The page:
A federal judge has issued a temporary restraining order against the Trump administration’s proposal to prohibit immigrants who enter the country unlawfully, specifically, between ports of entry along the southern border, from seeking asylum. According to Judge Jon S. Tigar of the US District Court for the Northern District of California, the administration’s claims of an imminent migrant crisis, which is the basis for the proposed asylum restrictions, lack a factual foundation.
“To say something is true doesn’t make it true,” Tigar argued.
The decision comes after immigrant rights groups sued the federal government, seeking a court order to block President Trump’s plan to limit asylum eligibility to those who enter the U.S. at official ports of entry. The groups argued that such a policy would leave out numerous asylum seekers attempting to enter the country in between border crossings.
The Justice Department, however, justified the proposal by claiming that a large number of migrants abuse the current system of allowing asylum seekers to stay with family members already in the U.S. while their cases remain in pendency. Many have also allegedly made false claims of persecution in order to remain in the country.
Lee Gelernt, lead attorney in the lawsuit and deputy director of the ACLU’s Immigrant Rights Project, argued that the government does not have a justifiable reason for flatly denying people the right to seek asylum, adding that sending them back on their way would put their lives in danger.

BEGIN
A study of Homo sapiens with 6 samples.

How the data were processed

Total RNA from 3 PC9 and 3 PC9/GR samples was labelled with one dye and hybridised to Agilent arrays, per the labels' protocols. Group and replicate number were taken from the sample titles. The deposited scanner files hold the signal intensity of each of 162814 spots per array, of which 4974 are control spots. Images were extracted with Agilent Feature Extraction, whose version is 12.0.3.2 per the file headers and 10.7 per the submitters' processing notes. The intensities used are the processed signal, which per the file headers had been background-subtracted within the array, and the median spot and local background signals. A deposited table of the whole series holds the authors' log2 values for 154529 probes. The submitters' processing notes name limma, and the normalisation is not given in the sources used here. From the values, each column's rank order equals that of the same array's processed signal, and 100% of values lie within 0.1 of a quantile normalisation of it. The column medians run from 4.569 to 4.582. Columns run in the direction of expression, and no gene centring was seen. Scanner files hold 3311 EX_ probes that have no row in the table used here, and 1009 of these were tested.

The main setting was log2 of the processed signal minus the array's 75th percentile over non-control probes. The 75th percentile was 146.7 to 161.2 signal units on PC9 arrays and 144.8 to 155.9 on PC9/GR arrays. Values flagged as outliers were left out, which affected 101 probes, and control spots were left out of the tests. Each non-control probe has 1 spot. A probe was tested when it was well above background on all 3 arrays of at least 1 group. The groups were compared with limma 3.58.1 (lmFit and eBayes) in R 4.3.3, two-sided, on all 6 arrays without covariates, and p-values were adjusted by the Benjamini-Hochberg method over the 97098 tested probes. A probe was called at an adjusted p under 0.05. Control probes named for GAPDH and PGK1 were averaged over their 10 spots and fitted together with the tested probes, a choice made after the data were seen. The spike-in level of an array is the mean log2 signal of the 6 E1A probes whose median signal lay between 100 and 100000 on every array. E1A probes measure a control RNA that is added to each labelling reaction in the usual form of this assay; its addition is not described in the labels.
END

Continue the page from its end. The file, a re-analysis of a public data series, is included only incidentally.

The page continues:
“Some people have gone through, were apprehended, and have not been allowed to apply for asylum despite a very strong asylum claim,” he said.
Opposing groups argued that Trump is overstepping his executive power by pushing for an immigration restriction that runs contrary to Congress’ intent to allow migrants to seek asylum whether or not they enter through an official port of entry. They also claimed that the government has no basis for claiming that the proposed restriction will reduce bogus asylum claims or ease negotiations with foreign nations.
Justice Department lawyer Scott Stewart, however, believes that the restriction would send the message to other countries that the United States is serious about reforming its immigration policies and urged them to “work with us to find a more comprehensive solution.”
The plaintiffs pointed out that the restriction isn’t even necessary to achieve those goals given that there have been a million fewer cases of people arrested crossing the border since 2000. On top of that, 2017 saw the fewest number cases of migrants caught attempting to cross the border unlawfully since 1972, as per U.S. Border Patrol Statistics.
The plaintiffs in the case include East Bay Sanctuary Covenant, Al Otro Lado, Innovation Law Lab, and Central America Resource Center in Los Angeles.
If you, or a loved one, need assistance with your asylum application, don’t hesitate to get in touch with the legal team of the Lyttle Law Firm. Call our offices today at (512) 215-5225 to schedule a consultation with immigration attorney Daniella Lyttle.